Legacy And Genius In Machover’s New Opera “Schoenberg In Hollywood”
It’s a bold move to write an opera about a musical genius: to evoke the style of said great composer without sounding derivative, to balance historical fact with creative storytelling. But Boston-based composer Tod Machover with librettist Simon Robson and director Karole Armitage accomplished all of the above in the Boston Lyric Opera-commissioned new opera Schoenberg In Hollywood, which celebrates the brilliance of 20th-century composer Arnold Schoenberg
Schoenberg In Hollywood pivots around Schoenberg’s historical 1935 meeting with the Hollywood producer Irving Thalberg, who offers Schoenberg the opportunity to partner with his studio and compose the soundtrack to his next film. Schoenberg, who was perhaps best known for his innovations in atonal music, had captured the attention and admiration of creatives all around the world. Ever proud and possessive of his compositions and his creative process, however, Schoenberg refuses to partner with Thalberg, scoffing at the idea that his music would have to be modified to fit the action of the film. Following his decision not to partner with Thalberg, Schoenberg reflects on his life and how he came to be in Los Angeles. Schoenberg’s history is then shown through a series of vignettes, with each pivotal moment in the composer’s life written as a different film genre, such as silent film to depict his childhood, film noir setting the scene for the discovery of his wife’s affair, and a Western for his move west from Austria to the United States.
While Schoenberg feared and rejected collaboration, the artistic team for Schoenberg In Hollywood fully and successfully embraced it. The largely monochromatic and physically imposing set (Simon Higlett) provided the visually-appealing backdrop for the films and animations being shown to support and enhance the action on stage. The projections and animations (Peter Torpey) were an incredible addition to the opera. In every scene, there was something new and exciting on the screen to evoke the setting and provide emotional context. Furthermore, portraying pivotal moments in Schoenberg’s life as different film genres was a very effective way of capturing the dramatic undercurrent of each life event, with the music of the opera serving as the soundtrack for the scene.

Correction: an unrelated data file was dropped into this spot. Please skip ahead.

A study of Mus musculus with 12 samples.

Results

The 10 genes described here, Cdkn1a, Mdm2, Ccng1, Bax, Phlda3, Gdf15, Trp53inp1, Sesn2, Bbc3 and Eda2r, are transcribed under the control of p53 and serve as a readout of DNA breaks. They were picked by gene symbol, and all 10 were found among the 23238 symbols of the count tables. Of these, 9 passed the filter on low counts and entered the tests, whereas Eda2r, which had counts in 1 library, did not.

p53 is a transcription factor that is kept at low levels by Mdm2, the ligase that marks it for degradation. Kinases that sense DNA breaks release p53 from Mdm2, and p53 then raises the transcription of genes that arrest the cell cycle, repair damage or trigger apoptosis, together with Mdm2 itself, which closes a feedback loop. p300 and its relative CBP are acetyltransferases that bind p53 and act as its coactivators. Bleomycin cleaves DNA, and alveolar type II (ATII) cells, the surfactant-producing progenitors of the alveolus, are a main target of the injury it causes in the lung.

The character of Schoenberg was brilliantly portrayed by Omar Ebrahim, who was delectably able to maintain his characterization of the proud, intellectual composer in each different film genre and situation. His rich voice brought expression to each musical passage, hitting each dramatic moment and bringing to life a wonderfully complicated historical figure. Schoenberg was joined onstage by the Boy and the Girl, played by Jesse Darden and Sara Womble respectively, who likewise had beautiful voices, and played all of the other characters that Schoenberg encounters throughout his life.
Playing so many characters in one show is tricky, especially since the Boy and the Girl seemed to each follow a certain track: largely speaking, the Boy was playing male characters who admired Schoenberg as a composer, such as the Hollywood producer Thalberg and other composers who worked closely with Schoenberg (Webern, Berg, and Mahler). While the Girl, on the other hand, was playing female characters who were romantically or emotionally involved with Schoenberg, such as his two wives and mother. I found it difficult to differentiate between all of the characters as many of Darden and Womble’s physicalizations were very similar between their characters. The female characters seemed particularly indistinguishable, though, in many ways, this can be attributed to the writers who, being so focused on the development of Schoenberg, did not put much thought into what made the women in Schoenberg’s life unique or important as individuals. I felt that Schoenberg’s second wife, Gertrude was defined only by her loyalty, while his first wife, Mathilde, was defined solely by her infidelity. This is made particularly clear during Mathilde’s tragic demise when Schoenberg, thinking only of the pain her death will cause him, exclaims “Don’t change my world, Maltilde. Don’t die / Don’t leave me alone with Arnold Schoenberg” (Rogers, 2018).
While perhaps this selfish act was meant to be viewed as a fault of the great composer’s, since the opera serves largely to celebrate his superior genius, I feel that ultimately we are meant to view Mathilde as Schoenberg did: lewd and overly emotional. The portrayal of this contrast between male intellect and female sentimentality has unfortunately become an all too familiar concept to many women studying in the field of music. In an opera that was so conscious of modern day social issues of xenophobia and immigration, it was unfortunate to me that the traditional gender roles were not fully problematized.
Issues of gender aside, Schoenberg In Hollywood was very successful in its portrayal of a fascinating historical figure. The projections, libretto, design elements, and compellingly complex music did well to evoke Schoenberg’s past while staying true to his legacy and pushing the envelope on sound, harmony, and design. I look forward to future productions of this intriguing new work.